First published by the Arab Weekly on 6/8/2017
Israel has been replacing Arabic road names with the Hebrew names.
The Israeli Ministerial Committee on Legislation recently approved a draft bill that would end Arabic’s status as an official language of the country, despite an Arabic-speaking population that includes 20% of the state’s citizens.
This would have significant practical and moral implications for Israel’s Palestinian Arab citizens and Palestinians in Jerusalem who are not citizens but whom Israel labels “residents.”
It would be a further blow to their fight for equality and to remain in their homeland regardless of what state exists on it. It will add to their insecurity as citizens who may be transferred to a future Palestinian state either politically or physically or stripped of their citizenship to fulfil extremist Israeli politicians’ desire to make the country a purely Jewish state.
Arabic is used when certain services are provided and when Palestinians are required to complete official forms applying for official documents or services.
Israel has been replacing Arabic road names, particularly in East Jerusalem, with the Hebrew names that appear on signs in both Hebrew and Arabic, including “Al Quds” being listed as “Yerushalayim” in Arabic.
This, Israel hopes, will be implanted in the minds of Palestinians and visitors who will become accustomed to the Hebrew names rendering the Arabic version as part of some distant history.
It is worth remembering that Israeli Arabs are a minority only because of the expulsion of 700,000 Palestinians from the area when Israel was created in 1948. The discrimination and insecurity felt by Palestinian citizens of Israel is palpable.
The Centre for Arab Minority Rights in Israel (Adalah) said Israel has enacted more than 50 laws that discriminate against Palestinian citizens of the state. They include a “citizenship law” that bars Palestinian citizens from marrying Palestinians from the occupied Palestinian territories and taking them to live in Israel.
Israeli society itself discriminates against them through “admissions committees,” which Jewish communities can use to bar Palestinian citizens from living among them.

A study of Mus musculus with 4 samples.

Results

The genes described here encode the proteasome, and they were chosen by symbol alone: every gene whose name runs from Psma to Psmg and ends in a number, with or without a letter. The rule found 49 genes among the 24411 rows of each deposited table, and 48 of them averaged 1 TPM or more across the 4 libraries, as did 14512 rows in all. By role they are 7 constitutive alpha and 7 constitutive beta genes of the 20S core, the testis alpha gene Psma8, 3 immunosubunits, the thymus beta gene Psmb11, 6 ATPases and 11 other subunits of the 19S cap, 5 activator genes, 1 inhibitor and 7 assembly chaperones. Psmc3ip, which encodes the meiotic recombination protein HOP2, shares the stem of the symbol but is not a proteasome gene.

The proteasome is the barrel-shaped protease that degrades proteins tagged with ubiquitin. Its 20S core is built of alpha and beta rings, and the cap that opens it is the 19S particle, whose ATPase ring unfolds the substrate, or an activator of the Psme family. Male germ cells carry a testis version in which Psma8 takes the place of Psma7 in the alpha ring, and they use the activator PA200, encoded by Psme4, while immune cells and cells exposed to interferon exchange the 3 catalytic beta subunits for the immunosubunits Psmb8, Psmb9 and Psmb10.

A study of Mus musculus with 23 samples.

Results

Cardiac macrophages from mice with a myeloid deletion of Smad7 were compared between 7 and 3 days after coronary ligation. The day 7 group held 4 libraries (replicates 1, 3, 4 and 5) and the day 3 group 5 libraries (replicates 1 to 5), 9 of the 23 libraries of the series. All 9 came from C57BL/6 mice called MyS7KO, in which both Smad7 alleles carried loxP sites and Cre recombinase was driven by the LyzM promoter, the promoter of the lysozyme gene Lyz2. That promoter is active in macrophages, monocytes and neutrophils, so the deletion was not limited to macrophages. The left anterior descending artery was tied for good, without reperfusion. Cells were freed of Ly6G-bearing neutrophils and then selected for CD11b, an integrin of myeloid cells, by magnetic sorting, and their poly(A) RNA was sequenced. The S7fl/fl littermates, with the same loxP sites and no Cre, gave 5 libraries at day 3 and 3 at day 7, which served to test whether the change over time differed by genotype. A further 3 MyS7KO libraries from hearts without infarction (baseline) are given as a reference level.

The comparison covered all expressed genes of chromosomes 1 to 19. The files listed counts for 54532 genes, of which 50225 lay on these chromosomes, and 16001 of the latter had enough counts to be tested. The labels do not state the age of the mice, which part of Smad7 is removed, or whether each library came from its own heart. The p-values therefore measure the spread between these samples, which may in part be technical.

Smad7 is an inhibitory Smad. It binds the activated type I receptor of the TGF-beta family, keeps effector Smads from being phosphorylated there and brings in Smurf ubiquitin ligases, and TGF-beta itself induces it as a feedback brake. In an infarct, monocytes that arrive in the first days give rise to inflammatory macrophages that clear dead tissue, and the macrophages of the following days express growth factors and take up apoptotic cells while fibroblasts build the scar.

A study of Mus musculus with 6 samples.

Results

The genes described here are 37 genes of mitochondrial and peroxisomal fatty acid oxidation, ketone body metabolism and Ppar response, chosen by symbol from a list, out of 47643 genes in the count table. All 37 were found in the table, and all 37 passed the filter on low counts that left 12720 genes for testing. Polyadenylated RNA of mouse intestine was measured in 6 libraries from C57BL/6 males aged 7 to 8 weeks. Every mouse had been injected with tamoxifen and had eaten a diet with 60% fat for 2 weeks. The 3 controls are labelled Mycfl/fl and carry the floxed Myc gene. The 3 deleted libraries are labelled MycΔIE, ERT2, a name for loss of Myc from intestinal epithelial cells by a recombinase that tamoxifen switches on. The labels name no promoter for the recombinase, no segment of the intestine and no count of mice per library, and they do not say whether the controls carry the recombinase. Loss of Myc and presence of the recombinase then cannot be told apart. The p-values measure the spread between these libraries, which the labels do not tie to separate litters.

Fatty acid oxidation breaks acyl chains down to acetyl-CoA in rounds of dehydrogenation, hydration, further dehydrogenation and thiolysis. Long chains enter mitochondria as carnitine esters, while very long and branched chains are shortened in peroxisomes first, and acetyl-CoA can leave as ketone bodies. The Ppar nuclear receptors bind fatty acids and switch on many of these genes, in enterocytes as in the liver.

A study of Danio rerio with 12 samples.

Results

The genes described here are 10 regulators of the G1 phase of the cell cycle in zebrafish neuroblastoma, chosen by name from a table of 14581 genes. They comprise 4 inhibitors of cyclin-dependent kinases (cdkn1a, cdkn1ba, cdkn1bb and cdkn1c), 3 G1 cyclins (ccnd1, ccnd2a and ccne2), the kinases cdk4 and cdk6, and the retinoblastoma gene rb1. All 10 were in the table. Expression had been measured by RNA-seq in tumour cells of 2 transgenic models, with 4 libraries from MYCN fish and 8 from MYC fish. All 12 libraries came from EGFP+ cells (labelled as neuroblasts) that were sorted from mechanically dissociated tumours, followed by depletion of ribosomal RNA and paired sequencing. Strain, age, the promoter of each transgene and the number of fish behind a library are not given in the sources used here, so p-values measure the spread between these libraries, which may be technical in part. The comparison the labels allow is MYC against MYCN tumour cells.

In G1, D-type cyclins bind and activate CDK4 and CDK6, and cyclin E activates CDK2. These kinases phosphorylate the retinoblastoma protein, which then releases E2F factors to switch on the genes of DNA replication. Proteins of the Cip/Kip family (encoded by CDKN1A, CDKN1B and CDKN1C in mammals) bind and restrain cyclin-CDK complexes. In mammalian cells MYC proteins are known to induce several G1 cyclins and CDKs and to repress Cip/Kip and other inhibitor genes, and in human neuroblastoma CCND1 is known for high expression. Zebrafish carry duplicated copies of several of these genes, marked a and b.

As for Bedouin citizens of Israel, the situation is dire. Israel has not recognised 45 villages they inhabit, depriving the areas of essential services. It has embarked on a plan to transfer them to a smaller number of locations and, in some cases, to build settlements for Jews only on sites they inhabited.
Even the Muslim call for prayer has been under attack and the government moved to silence its projection outside mosques because it “disturbs” illegal settlers who moved into predominantly Muslim areas.
Contrast this with Canada where French is the mother tongue of 22% of the population but when Canadian Prime Minister Justin Trudeau addresses news conferences abroad, he repeats his remarks in French, recognising the minority speaking part of his fellow Canadians.
Israel, on the other hand, is moving ahead with a “nation-state bill” that gives primacy to Jewish citizens. Israeli Prime Minister Binyamin Netanyahu claims that “there is no contradiction at all between this bill and equal rights for all citizens of Israel.”
Any rational and fair-minded observer would reject that assertion and see this bill and the stripping of Arabic of its status as an official language as further proof, if any was needed, of Israeli policies that discriminate against a sizeable minority of its citizens and one that erodes visible signs of the historic Palestine’s Arab heritage.
A famous Arab song says: “The land speaks Arabic,” which people in historic Palestine still do but Israel wants them to only speak Hebrew. Rather than enrich Israel, it would be the poorer for the actions of an extremist exclusionary government.